A federal appeals court in Washington will hear oral arguments May 8 on a suit challenging the U.S. Securities and Exchange Commission’s move to adopt Rule 151A, a regulation that classifies some indexed annuities as securities.
The SEC is calling the annuities “equity indexed annuities.”
The lawyers for the petitioners that filed the suit, American Equity Investment Life Insurance Company, et al, vs. SEC, Number. 09-1021, are calling the products “fixed indexed annuities,” or FIAs.
The petitioners filed their first brief in the case Tuesday, telling the court that, under the plain meaning of a provision of the Securities Exchange Act of 1933, fixed indexed annuities are exempt from SEC regulation.
The court has permitted the National Association of Insurance Commissioners, Kansas City, Mo., to join the case as a petitioner, and the NAIC also has filed a brief.
The National Conference of Insurance Legislators, Troy, N.Y., which initially had joined with the NAIC as a petitioner, says it will not try to be a petitioner and instead will submit a friend-of-the-court brief.
“It is really a legal matter involving where NCOIL fits in,” says Susan Nolan, executive director of NCOIL.
“Our objective is to support the NAIC and oppose the SEC regulation, but our attorneys advised us to do an amicus brief, which is consistent with what NCOIL has done in previous cases,” Nolan says.
NCOIL will file a supporting brief, rather than serving as a petitioner, because of a “technical legal issue involving standing,” Nolan says.
The main brief for the petitioners was submitted by Eugene Scalia, of Gibson, Dunn & Crutcher L.L.P., Washington.
“It was only through an analysis that defies Supreme Court precedent, common parlance, and prior pronouncements of the SEC itself that the agency was able to arrogate to itself the power to regulate” fixed indexed annuities as securities, the petitioners write in their brief.
The SEC wrongly classified the annuities as securities, the petitioners write.
“The Commission admitted [in its rule] that a contract with de minimis securities-linked gains would be covered by the regulation,” the petitioners write in a footnote.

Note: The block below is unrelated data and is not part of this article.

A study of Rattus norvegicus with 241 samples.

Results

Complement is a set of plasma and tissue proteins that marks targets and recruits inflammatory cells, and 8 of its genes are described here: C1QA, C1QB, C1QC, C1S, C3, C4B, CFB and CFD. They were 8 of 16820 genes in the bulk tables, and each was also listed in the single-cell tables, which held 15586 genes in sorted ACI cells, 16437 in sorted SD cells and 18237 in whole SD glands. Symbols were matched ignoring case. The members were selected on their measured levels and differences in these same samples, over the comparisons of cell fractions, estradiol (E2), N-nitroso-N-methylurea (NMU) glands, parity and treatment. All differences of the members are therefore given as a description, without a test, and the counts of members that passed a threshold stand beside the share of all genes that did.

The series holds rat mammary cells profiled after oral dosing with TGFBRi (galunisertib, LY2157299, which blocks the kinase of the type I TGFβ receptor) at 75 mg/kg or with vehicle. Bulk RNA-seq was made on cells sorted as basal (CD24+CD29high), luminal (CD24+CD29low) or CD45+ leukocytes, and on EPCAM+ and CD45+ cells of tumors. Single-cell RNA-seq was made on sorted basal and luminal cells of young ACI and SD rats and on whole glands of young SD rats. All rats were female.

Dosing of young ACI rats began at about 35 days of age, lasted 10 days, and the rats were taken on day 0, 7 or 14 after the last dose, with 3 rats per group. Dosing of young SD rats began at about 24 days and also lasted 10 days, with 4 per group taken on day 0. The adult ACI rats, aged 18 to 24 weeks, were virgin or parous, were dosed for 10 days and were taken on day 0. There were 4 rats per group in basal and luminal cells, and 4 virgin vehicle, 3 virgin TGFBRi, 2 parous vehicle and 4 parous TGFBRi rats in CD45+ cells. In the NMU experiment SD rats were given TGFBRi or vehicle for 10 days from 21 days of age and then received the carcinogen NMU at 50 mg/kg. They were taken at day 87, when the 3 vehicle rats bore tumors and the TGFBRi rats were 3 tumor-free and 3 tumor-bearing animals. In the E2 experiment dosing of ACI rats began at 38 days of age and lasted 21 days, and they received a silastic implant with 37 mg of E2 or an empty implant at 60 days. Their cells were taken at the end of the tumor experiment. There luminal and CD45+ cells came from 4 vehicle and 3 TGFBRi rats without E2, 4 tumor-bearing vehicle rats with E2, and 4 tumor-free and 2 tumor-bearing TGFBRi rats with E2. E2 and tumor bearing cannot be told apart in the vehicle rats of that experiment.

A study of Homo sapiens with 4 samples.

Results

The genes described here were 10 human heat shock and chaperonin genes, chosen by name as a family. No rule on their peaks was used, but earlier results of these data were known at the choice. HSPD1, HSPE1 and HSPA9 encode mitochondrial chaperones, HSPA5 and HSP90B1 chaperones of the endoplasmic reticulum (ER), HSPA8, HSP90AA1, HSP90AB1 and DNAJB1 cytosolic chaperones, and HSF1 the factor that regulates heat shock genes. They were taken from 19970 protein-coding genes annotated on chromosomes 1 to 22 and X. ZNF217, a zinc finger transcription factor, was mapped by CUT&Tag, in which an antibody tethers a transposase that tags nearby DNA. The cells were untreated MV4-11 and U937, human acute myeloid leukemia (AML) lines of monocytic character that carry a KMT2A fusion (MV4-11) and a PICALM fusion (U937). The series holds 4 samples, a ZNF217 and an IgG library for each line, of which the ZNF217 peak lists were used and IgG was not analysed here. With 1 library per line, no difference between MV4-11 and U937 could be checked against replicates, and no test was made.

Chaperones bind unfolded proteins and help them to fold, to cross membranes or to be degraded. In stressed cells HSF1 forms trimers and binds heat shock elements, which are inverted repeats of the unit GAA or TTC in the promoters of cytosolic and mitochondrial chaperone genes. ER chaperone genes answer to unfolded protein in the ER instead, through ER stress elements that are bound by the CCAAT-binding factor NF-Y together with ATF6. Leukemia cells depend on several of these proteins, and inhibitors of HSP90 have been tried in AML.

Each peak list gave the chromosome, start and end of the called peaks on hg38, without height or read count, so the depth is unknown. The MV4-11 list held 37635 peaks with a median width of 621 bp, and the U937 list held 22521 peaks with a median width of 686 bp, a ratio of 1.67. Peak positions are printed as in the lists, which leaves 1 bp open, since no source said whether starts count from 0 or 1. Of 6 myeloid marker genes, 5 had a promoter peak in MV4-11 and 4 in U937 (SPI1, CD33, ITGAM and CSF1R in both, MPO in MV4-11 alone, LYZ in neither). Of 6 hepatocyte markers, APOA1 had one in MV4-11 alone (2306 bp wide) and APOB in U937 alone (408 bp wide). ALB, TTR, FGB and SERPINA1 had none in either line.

The SEC indicated that it “would be prepared to consider a request for relief, if appropriate” in such circumstances, the petitioners write. But “this is little comfort to insurers and agents, who must ensure securities compliance in advance, and the Commission’s acknowledgement merely confirms the arbitrariness of the rule.”
The SEC contends in the regulation that some indexed annuities are securities because “[i]ndexed annuities are similar in many ways to mutual funds, variable annuities, and other securities,” and that the purchaser of an indexed annuity “assumes many of the same risks that investors assume when investing in mutual funds, variable annuities, and other securities,” the petitioners write.
The SEC contention is “incorrect, obviously” because FIA premiums are invested in an insurer’s general account–which are subject to special state investment requirements–and contract values are not based on the insurer’s investment management, the petitioners write.
“Investment risk is fundamentally risk of loss to one’s investment–the risk borne by purchasers of mutual funds and variable annuities that their capital will be lost or plummet in value with a decline in the underlying securities,” the petitioners write.
Fixed income annuities, however, “are subject to the full panoply of state insurance laws whose function is to protect against risk of loss, guaranteeing that a contract owner receives no less than 87.535% of premiums even if the contract is surrendered in the first year, and assuring that the minimum contract value will increase at a rate of at least 1% to 3% annually for the life of the contract,” the petitioners write.
The FIA guarantees are identical to the guarantees that traditional fixed annuities offer, the petitioners write.
“For such reasons, the American Academy of Actuaries–in a comment the Commission ignored–said the ‘the risk profiles for FIAs and traditional annuities are similar,’” petitioners argue.
“The decisions of other courts confirm that FIAs are annuities,” and “squarely held that the issuer of an FIA assumed as much or more investment risk than the purchaser,” the petitioners write.